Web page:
After the company’s dissapointing performance this year, as well as the leaked ‘peanut butter’ memo last month, the news doesn't come as a big shock. But many in the blogosphere are surprised that under-fire CEO Terry Semel has retained his position.
Google has allowed a case against a click-fraudster to be dismissed, amid speculation that the search engine giant was reluctant to open up its click fraud procedures for public scrutiny.
The charges against Michael Anthony Bradley, who attempted to extort $150,000 from the company by threatening to generate millions of false clicks through his 'Google Clique' software, were dropped on November 22.
From January 2007, unique users will replace page impressions as ABC Electronic's mandatory measurement metric, according to a new ruling from JICWEBS.
Page impressions are easy to manipulate and don’t necessarily give a true idea of a site’s popularity. For example, figures can be manipulated by splitting content over several pages, forcing the visitor to read a number of pages per story. Some of the biggest online publishers do this.
CNBC yesterday unveiled its all new website, after ending its five-year licensing agreement with MSN Money. The site has many new features, with a range of video clips and market updates.
The site features a the usual array of video clips, including market news to extended interviews with business leaders. CNBC.com will show up to eight hours of live video each day, and already has around 15,000 videos for on-demand use.
Fearful of damaging their reputations and denting consumer confidence, online banks are hiding the true extent of online fraud, according to a senior police officer.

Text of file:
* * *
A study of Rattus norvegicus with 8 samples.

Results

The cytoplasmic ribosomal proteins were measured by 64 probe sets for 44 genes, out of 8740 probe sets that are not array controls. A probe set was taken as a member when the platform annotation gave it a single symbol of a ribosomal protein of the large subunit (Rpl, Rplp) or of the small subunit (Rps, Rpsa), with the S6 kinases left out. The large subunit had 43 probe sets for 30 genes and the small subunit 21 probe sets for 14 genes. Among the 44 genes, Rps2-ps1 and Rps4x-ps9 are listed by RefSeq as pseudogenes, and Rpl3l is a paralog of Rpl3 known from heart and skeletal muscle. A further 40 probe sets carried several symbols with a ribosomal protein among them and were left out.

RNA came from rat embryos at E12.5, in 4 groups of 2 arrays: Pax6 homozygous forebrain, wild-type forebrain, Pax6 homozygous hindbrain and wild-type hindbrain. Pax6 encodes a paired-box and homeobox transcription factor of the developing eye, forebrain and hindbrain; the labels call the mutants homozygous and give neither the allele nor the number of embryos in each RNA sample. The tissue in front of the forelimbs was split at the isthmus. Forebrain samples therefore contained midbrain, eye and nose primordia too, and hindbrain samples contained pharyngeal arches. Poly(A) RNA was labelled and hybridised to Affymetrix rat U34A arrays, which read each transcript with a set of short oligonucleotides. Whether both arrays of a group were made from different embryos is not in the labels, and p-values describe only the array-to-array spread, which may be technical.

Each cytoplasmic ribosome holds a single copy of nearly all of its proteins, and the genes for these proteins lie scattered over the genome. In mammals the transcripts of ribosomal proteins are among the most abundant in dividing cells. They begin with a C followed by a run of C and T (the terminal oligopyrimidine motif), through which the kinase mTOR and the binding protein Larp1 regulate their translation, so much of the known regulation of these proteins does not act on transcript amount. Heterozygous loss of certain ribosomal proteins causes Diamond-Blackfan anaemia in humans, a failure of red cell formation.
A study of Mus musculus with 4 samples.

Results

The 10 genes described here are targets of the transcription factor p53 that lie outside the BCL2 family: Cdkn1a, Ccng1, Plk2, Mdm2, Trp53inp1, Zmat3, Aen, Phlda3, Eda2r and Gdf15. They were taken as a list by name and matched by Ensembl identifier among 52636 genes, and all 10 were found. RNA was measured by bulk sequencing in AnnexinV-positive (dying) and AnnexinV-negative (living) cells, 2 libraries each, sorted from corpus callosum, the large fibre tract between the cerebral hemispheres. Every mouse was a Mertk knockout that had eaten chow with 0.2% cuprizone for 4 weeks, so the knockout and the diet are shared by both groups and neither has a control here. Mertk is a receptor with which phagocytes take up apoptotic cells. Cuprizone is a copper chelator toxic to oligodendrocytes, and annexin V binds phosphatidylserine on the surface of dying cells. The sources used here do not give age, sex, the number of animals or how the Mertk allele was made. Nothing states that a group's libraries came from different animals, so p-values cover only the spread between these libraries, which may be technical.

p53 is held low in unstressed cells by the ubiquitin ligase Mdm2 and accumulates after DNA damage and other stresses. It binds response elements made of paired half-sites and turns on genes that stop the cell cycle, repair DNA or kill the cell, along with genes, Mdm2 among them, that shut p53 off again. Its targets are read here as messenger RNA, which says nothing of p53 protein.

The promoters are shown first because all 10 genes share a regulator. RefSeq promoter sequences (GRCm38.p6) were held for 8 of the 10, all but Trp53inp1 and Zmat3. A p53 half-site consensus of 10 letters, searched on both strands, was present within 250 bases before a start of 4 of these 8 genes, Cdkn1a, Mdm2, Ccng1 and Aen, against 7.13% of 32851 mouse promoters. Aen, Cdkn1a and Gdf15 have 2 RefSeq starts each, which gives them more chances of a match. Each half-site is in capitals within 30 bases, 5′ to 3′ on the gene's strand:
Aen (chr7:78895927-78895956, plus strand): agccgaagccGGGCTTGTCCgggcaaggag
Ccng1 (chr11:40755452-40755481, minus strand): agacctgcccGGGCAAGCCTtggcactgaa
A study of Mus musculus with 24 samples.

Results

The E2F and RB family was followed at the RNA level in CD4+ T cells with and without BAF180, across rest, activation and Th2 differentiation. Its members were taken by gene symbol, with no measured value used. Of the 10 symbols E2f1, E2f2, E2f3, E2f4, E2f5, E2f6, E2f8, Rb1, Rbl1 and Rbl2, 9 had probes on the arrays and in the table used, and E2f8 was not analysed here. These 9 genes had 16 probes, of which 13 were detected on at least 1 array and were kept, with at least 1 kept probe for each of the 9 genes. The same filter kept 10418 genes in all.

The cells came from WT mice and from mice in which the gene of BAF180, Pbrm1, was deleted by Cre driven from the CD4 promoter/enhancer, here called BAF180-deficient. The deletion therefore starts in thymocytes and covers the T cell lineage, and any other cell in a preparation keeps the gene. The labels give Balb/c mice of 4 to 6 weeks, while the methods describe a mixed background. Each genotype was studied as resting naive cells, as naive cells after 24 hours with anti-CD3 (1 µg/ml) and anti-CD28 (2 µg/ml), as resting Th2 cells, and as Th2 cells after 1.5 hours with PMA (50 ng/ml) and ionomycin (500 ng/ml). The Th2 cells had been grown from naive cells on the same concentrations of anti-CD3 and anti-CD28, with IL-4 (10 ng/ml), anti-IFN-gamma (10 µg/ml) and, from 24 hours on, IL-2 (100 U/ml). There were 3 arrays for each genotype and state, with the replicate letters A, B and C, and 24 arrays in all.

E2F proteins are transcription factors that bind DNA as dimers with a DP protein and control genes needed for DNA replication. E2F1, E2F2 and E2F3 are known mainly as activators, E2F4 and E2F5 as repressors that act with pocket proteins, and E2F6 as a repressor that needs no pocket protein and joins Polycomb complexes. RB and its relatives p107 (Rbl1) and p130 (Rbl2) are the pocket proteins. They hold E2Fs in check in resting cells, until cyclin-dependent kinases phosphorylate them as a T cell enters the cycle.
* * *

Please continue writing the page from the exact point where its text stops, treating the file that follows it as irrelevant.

The Guardian reports that Detective Superintendent Russell Day told an all-party parliamentary group investigating online fraud that banks are failing to report instances of phishing and other forms of swinish behaviour.
China’s biggest search engine, Baidu, has announced that it will launch in Japan early next year.
China has an estimated 125 million internet users, and Baidu.com currently has a 62% share of the Chinese search engine market, up 15% from 2005. Google has the second largest share on 25%, falling 8% since last year.
Congratulations to Jason Calacanis who is now entrepreneur-in-action for the mighty Sequoia Capital.
Calacanis looks all set to help Sequoia review, invest and develop new startups. He is also likely to be working on his own Next Big Thing over the coming months – watch this space.
Focusing on the US real estate market, the site indexes data from major brokers and agencies and displays it alongside other information such as area guides and heat maps.
We caught up with the ex-lastminute.com man when he was over in Oxford earlier this month….
The internet will account for a fifth of all UK advertising revenue by 2009, and will almost match the amount spent on TV advertising, according to figures from ZenithOptimedia.
The group's Advertising Expenditure Forecast reveals that the UK has the world’s highest proportion of online ad revenues, at 13.5%. This is attributed to the strength of the BBC.
A UK media company has launched what it calls the ‘first intelligent online video search site’.
Coull.tv allows users to search for specific moments within videos, click on and interact with moving objects while the video is playing, as well as adding tags and comments.
UK local search site Yell.com has announced the launch of a new channel to help its users find specialist independent food and drink suppliers.
In a bid to turn the general public into amateur reporters, Yahoo! and Reuters have teamed up allow users to upload their photos and videos for use on their news sites.